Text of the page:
Unequivocal Support for Free Speech… but Not Transparency

by Walter Smith

To the tune of “Unforgettable”…

Unequivocal you’re not at all
Unequivocal nowhere this fall
Like an empty phrase that runs from me
How your illusion does things to me
Never before has something been less
Unequivocal in every way

The University of Virginia formed the Free Expression and Free Inquiry Committee in February 2021. In May the Board of Visitors “unequivocally” endorsed the work of the Committee. Personally, I think the statement is a disgrace to Jefferson’s free speech legacy – I was hoping for more than the Chicago Principles and got a lukewarm, turgid, academic, PC jargon, kinda sorta saying UVA believes in free speech..

Does UVa really believe in free speech? We have seen that F— UVA is vigorously protected on the Lawn, but what about in the classrooms and on the Grounds? Are students and professors free to express their beliefs without fear of recrimination? Anecdotally, I don’t think they are. I have heard stories. and I have seen true harassment and shaming and threats for the “crime” of not agreeing with current woke ideology du jour.

Let’s be clear about President Jim Ryan’s Committee. I have studied academia, and Ryan particularly, to know that any committee is stacked to come to the desired conclusion. Personnel is policy. It was so on the Racial Equity Task Force. It was so on this Committee, and it will be so on the Naming and Memorials Committee. Additionally, these committees control the information they “officially” receive (publications cited, witnesses called, etc) so that nothing distracts from the pre-ordained conclusion.

The Free Expression Committee held a “listening session” May 3, 2021. It was not well advertised, nor was much notice given. Nonetheless, I requested and received an audio copy of the testimony. I noticed reference to what I understood to be a Dropbox-type folder. Surmising that the folder contained public input submitted to the Committee, I requested the documents. (Actually, I requested all documents concerning the Committee and when I was told it would cost mucho dinero, I amended my request to just that receptacle.)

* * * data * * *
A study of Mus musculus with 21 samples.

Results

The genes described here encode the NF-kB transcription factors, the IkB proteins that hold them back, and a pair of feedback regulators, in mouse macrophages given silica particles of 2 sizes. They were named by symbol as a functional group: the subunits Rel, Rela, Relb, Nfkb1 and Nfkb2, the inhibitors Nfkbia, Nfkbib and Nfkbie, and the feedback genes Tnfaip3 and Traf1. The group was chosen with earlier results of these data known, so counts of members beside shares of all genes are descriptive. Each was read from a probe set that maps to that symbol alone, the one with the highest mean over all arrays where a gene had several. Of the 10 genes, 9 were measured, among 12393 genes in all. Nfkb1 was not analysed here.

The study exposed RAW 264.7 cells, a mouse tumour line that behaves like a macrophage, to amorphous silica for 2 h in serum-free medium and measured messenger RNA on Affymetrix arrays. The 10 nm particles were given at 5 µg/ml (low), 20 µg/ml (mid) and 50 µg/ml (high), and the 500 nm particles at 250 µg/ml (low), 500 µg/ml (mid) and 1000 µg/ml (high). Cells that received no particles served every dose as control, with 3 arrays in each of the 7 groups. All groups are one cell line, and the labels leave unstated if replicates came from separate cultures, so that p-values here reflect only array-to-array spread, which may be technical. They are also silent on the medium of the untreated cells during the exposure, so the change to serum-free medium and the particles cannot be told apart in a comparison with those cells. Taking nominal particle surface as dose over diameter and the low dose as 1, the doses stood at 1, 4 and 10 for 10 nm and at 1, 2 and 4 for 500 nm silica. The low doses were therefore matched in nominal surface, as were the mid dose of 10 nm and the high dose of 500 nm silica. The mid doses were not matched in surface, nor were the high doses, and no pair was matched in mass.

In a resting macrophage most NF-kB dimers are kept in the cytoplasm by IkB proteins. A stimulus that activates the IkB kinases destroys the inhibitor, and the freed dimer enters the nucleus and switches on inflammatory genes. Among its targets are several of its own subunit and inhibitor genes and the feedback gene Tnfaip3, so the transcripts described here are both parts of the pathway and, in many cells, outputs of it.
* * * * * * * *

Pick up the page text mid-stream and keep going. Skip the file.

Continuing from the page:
UVA’s FOIA officer eventually produced 213 pages of publicly available documents, but withheld the documents I heard referenced (and who knows what else) as “working papers” or as “exempt scholastic information.” As a neophyte (I was a corporate lawyer and avoiding litigation was a big part of my job), I filed in Henrico General District Court to compel production of the withheld documents. UVa responded, and we had an impromptu trial on July 30, where the Judge agreed with UVa.

I am now trying to get this issue resolved in the Circuit Court. The UVa lawyer has been kind enough to tell me where I have failed to comply with the basic procedural rules, and one day soon I may even get the papers properly filed to begin the lawsuit.

“Working papers” are defined as “records prepared by or for a public official (in this case, Ryan) for his personal or deliberative use.” I don’t see how documents submitted to the Free Expression Committee were prepared for Ryan’s “deliberative” use. They were prepared for the Committee’s use. Documents from the Committee to Ryan for the purpose of making decisions are “working papers,” but not these. If so, then every document at every Committee can be shrouded by claiming it was generated to help him make a decision, or even more absurdly by just forwarding the documents to him, thereby clothing them with his deliberative privilege. Similarly, the exempt student information is exempt only if it could lead to the identification of the student. This problem is easily cured by limited redaction.

So, one day, I may get to the Circuit Court on this issue. But Ryan can choose to release “working papers.” He unequivocally believes in free expression and free inquiry, as does the BOV. Why can’t an interested alumnus see these documents? Are they THAT bad?

Walter Smith is an attorney living in Henrico County.